Theresa May, who will become Britain’s next prime minister, said “Brexit means Brexit,” as she vowed to provide strong leadership during “difficult and uncertain” times.
The Washington Post reports:
“Prime Minister David Cameron said Monday he would step down in two days, clearing the way for Theresa May to become Britain’s next leader as the country plots its exit from the European Union.
“The announcement by Cameron came just hours after May’s only rival in the race to succeed Cameron — Energy Minister Andrea Leadsom — unexpectedly abandoned her campaign, saying the country could not afford a drawn-out political contest and needed to launch quickly into the complicated bargaining with the European Union over the split.”
May opposed Brexit.
Unlike London Mayor Boris Johnson, a loud pro-Brexit advocate, she has a reputation for seriousness, hard work, tenacity and prudence. She is the longest-serving home secretary in more than a half century.
While the job falls to her almost by default (Johnson, and more recently Energy Minister Andrea Leadsom, backed out of the race), it’s fortunate for Britain that a sober, experienced figure is now at the helm.
The markets think so, at any rate.
Americans will leap to compare her to Margaret Thatcher, the only other female British prime minister, who was also a member of the Conservative Party.
The Brits see another likeness. As the Financial Times reported:
“A more relevant comparison is made between May and Angela Merkel, the German chancellor: another non-ideological politician with a ruthless streak who gets on with the job. ‘If you think of what she’s achieved, you know, there are still people who don’t rate her, are a bit dismissive, perhaps because of the way she looks and dresses,’ May said of Merkel in 2012 in a rare personal interview with The Daily Telegraph. ‘What matters is, what has she actually done?’ ”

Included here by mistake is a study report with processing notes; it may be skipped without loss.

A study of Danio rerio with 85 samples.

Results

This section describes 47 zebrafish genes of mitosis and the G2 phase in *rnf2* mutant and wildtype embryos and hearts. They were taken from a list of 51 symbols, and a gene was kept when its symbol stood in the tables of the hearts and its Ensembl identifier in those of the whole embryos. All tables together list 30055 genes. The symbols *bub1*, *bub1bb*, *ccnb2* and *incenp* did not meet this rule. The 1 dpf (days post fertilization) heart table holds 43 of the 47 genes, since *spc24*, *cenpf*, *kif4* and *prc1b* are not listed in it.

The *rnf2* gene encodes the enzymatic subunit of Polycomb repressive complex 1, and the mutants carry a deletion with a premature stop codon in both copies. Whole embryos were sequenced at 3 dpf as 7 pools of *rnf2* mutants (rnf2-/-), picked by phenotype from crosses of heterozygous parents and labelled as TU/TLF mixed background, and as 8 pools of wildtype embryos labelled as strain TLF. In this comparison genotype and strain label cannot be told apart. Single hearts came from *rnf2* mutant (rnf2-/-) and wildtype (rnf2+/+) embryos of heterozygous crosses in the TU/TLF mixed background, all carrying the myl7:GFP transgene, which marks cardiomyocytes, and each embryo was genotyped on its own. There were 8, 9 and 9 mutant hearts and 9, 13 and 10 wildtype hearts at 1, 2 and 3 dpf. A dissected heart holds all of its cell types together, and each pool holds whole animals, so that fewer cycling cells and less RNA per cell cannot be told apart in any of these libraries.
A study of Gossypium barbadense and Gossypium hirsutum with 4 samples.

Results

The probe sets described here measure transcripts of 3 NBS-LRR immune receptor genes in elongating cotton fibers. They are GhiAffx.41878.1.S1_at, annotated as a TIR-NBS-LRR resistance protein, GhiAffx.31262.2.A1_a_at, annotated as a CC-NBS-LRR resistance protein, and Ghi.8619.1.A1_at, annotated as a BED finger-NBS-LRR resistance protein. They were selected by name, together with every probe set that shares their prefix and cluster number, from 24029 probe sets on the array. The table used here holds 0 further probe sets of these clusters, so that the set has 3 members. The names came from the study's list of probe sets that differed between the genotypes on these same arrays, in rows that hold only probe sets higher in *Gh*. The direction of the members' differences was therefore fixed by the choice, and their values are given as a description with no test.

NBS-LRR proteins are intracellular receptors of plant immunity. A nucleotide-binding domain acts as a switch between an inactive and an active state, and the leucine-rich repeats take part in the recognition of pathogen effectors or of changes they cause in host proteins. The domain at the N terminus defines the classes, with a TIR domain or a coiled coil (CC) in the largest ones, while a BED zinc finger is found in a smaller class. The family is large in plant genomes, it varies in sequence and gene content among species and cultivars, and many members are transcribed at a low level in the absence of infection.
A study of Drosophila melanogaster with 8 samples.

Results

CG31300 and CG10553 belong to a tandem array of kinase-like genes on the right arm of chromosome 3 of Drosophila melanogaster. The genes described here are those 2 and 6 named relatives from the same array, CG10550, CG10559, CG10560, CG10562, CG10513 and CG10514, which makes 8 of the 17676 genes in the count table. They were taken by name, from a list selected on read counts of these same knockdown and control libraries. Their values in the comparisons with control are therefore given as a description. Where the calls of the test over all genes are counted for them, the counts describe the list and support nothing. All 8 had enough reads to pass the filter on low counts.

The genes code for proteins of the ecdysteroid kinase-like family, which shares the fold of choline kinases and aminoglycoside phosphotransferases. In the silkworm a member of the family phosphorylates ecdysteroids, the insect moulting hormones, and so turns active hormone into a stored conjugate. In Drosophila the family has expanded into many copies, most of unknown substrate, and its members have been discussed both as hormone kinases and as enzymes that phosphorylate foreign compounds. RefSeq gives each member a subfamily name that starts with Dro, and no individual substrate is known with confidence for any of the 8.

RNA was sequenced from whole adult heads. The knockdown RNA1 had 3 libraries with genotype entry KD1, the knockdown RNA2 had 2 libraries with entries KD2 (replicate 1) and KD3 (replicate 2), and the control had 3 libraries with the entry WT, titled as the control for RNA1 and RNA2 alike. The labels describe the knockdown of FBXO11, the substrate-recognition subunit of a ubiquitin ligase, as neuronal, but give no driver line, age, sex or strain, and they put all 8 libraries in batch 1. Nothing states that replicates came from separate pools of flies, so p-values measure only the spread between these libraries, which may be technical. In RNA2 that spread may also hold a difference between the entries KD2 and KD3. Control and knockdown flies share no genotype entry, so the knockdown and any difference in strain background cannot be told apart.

May has not been a magnet for controversy, a divisive figure or one lacking ethical ballast.
So in those respects she is unlike Hillary Clinton.
That said, Americans who saw a parallel between Brexit and Trumpism — a primal scream of frustration from the masses — might also see a similarity between Clinton and May.
Clinton is not, by her own admission, a charismatic politician.
Clinton does, however, attempt to project sobriety (some would call her dull), a mastery of policy and the image of a practical pol who can reach across the aisle.
It’s not a perfect parallel by any means, but the political pattern is an interesting one: popular frustration with governing elites, followed by a repudiation of their advice and a plunge into a half-baked idea fraught with uncertainty, only to be followed by a staid insider to manage the turmoil caused by the public rebuke of elites.
The United States and Britain have moved in sync previously.
Prime Minister Thatcher came to power in May 1979, to be followed in less than 18 months by her ideological soulmate Ronald Reagan.
Tony Blair became prime minister just a few months after President Bill Clinton — another moderate, specializing in triangulation — began his second term.
It is more than coincidence that Britain and the U.S., who enjoy a special relationship (going beyond just politics), should move in similar ways in response to similar circumstances.
If so, the U.S. may also be looking for a steady hand. In this election, the only one remotely meeting that definition currently is Hillary Clinton.
If the Republican delegates wise up, they, too, could find someone not only wonkish and serious, but unifying and ethically stalwart to lead the country and the party.
Alternatively, they could stick with Trump — who, like the brash media star Boris Johnson, really has no idea how to manage the crisis in confidence he helped exacerbate.
Jennifer Rubin is a columnist for The Washington Post.